Protective Orders in Domestic Violence Cases
One significant but sometimes overlooked consequence of a domestic violence charge in Virginia is the issuance of a protective order. A protective order is not criminal charge, but rather a separate court order that imposes restrictions on the liberty of the accused. What is so significant about protective orders in domestic violence cases in Virginia is that they are initially issued without the accused having any opportunity to dispute the allegations giving rise to the protective order.
As we described in our post on domestic violence cases in Virginia, a protective order will usually be automatically issued against a person who is charged with domestic violence. Under the law, any time the police make an arrest for Domestic Assault and Battery the police officer is required to petition the Magistrate for an Emergency Protective Order (“EPO”). The Magistrate will usually issue the EPO, and the EPO will usually prohibit the person who is charged from returning home or having any contact whatsoever with the other party. The protective order can also award sole possession of the residence to one party, and can even require the person charged with domestic violence to pay spousal support or child support.
Emergency Protective Orders
An Emergency Protective Order only lasts for 72 hours, but it can easily be extended to a 2-week Preliminary Protective Order (“PPO”). All that is required for the EPO to be extended is for the victim to go to court and file a petition. This happens without the person who is charged having any opportunity to appear before a judge and argue their case. When the EPO turns into a 2-week PPO, it creates a civil case that is separate (though related) to the pending criminal domestic violence case.
Preliminary Protective Orders
Once a PPO has been issued, the court will set a date in two weeks for a hearing to determine whether to issue a Permanent Protective Order. At that hearing the Petitioner (the person who is seeking the protective order) will have to present evidence to the court to show why they need a protective order. The Respondent (the person against whom the protective order is sought) also has a right to present evidence to show why a protective order should not be issued. What is difficult is that in cases where there is a separate criminal domestic violence case, the protective order hearing will usually be scheduled well before the criminal case has resolved. This means that anything the accused says in court at the protective order hearing can be used against them in the criminal case. An experienced defense attorney knows how to navigate the complex inter-play between the criminal case and the protective order case.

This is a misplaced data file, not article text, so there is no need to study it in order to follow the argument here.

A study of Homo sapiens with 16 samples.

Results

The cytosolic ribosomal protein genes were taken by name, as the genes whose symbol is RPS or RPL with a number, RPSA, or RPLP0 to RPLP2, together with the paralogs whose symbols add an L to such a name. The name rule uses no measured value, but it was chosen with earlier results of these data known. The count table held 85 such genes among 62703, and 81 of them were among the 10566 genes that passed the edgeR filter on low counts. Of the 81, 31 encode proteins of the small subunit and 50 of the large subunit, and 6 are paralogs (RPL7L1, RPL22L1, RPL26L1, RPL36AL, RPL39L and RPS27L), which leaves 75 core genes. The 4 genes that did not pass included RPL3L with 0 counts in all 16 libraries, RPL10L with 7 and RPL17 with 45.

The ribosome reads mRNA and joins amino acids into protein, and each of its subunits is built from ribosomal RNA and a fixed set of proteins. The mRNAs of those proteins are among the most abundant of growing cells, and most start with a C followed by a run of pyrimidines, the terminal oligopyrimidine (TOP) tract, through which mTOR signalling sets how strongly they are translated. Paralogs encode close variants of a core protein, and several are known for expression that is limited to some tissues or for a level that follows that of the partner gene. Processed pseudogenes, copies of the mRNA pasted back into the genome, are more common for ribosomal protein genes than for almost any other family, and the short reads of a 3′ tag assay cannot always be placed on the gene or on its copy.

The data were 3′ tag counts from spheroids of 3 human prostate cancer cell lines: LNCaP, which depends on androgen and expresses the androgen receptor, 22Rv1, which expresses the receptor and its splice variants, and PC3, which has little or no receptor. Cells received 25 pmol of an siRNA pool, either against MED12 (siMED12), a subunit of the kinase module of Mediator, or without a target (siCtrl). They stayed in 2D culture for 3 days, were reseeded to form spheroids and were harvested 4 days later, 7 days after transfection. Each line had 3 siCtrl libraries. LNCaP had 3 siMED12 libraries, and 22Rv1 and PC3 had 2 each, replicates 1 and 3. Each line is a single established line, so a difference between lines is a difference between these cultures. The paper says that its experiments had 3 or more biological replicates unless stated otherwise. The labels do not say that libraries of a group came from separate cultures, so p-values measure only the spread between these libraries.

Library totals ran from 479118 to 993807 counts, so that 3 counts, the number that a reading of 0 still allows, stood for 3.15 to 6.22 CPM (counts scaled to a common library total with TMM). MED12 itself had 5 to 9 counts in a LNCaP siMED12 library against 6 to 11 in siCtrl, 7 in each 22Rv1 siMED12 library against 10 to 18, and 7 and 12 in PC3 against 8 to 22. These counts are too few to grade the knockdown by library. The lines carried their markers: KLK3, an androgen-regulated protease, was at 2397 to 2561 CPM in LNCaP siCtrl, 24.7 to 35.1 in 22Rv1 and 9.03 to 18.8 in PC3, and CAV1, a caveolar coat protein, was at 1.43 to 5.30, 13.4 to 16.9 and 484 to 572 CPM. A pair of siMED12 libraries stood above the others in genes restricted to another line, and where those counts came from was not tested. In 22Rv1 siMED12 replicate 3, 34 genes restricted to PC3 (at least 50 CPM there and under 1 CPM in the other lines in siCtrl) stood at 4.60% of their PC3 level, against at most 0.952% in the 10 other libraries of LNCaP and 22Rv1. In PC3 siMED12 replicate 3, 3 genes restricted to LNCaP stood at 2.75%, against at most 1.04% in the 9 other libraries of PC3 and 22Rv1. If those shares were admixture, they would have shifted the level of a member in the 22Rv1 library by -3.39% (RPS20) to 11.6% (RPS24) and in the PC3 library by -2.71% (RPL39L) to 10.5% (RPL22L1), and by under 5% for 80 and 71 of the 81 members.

While a protective order itself is not a criminal charge, violation of a protective order is a separate and serious criminal charge. Violation of a protective order is a serious offense in Virginia. The first offense for violating a protective order is a Class 1 Misdemeanor, meaning the maximum penalty is up to 12 months in jail, and/or a fine of up to $2,500; however, a first offense carries a mandatory jail sentence of one day upon conviction. Subsequent violations carry increasingly severe mandatory penalties.
Usually a protective order in a domestic case will prohibit the person from having any contact with their family member. Many people don’t realize that you can be charged and arrested for violating a protective order for any kind of contact whatsoever. For example, a single text message or phone call can result in a charge for violation of a protective order. And in cases where there is a pending domestic violence criminal charge, any new charge for violating a protective order can result in the person’s bail being revoked. This means that a person with no prior criminal convictions could end up spending weeks or even months in jail awaiting trial.
Furthermore, just being subject to a protective order means that conduct that would otherwise not be illegal becomes a crime. For example, the minute a person becomes subject to any protective order they are no longer able to legally transport or purchase a firearm, and doing so is another Class 1 Misdemeanor. Just being subject to a protective order can also have serious implications for certain kinds of employment.
If you are subject to a protective order you need experienced counsel to ensure that you achieve the best possible outcome in your case. Contact the attorneys at Dischley Law today for a free consultation to learn how we can help.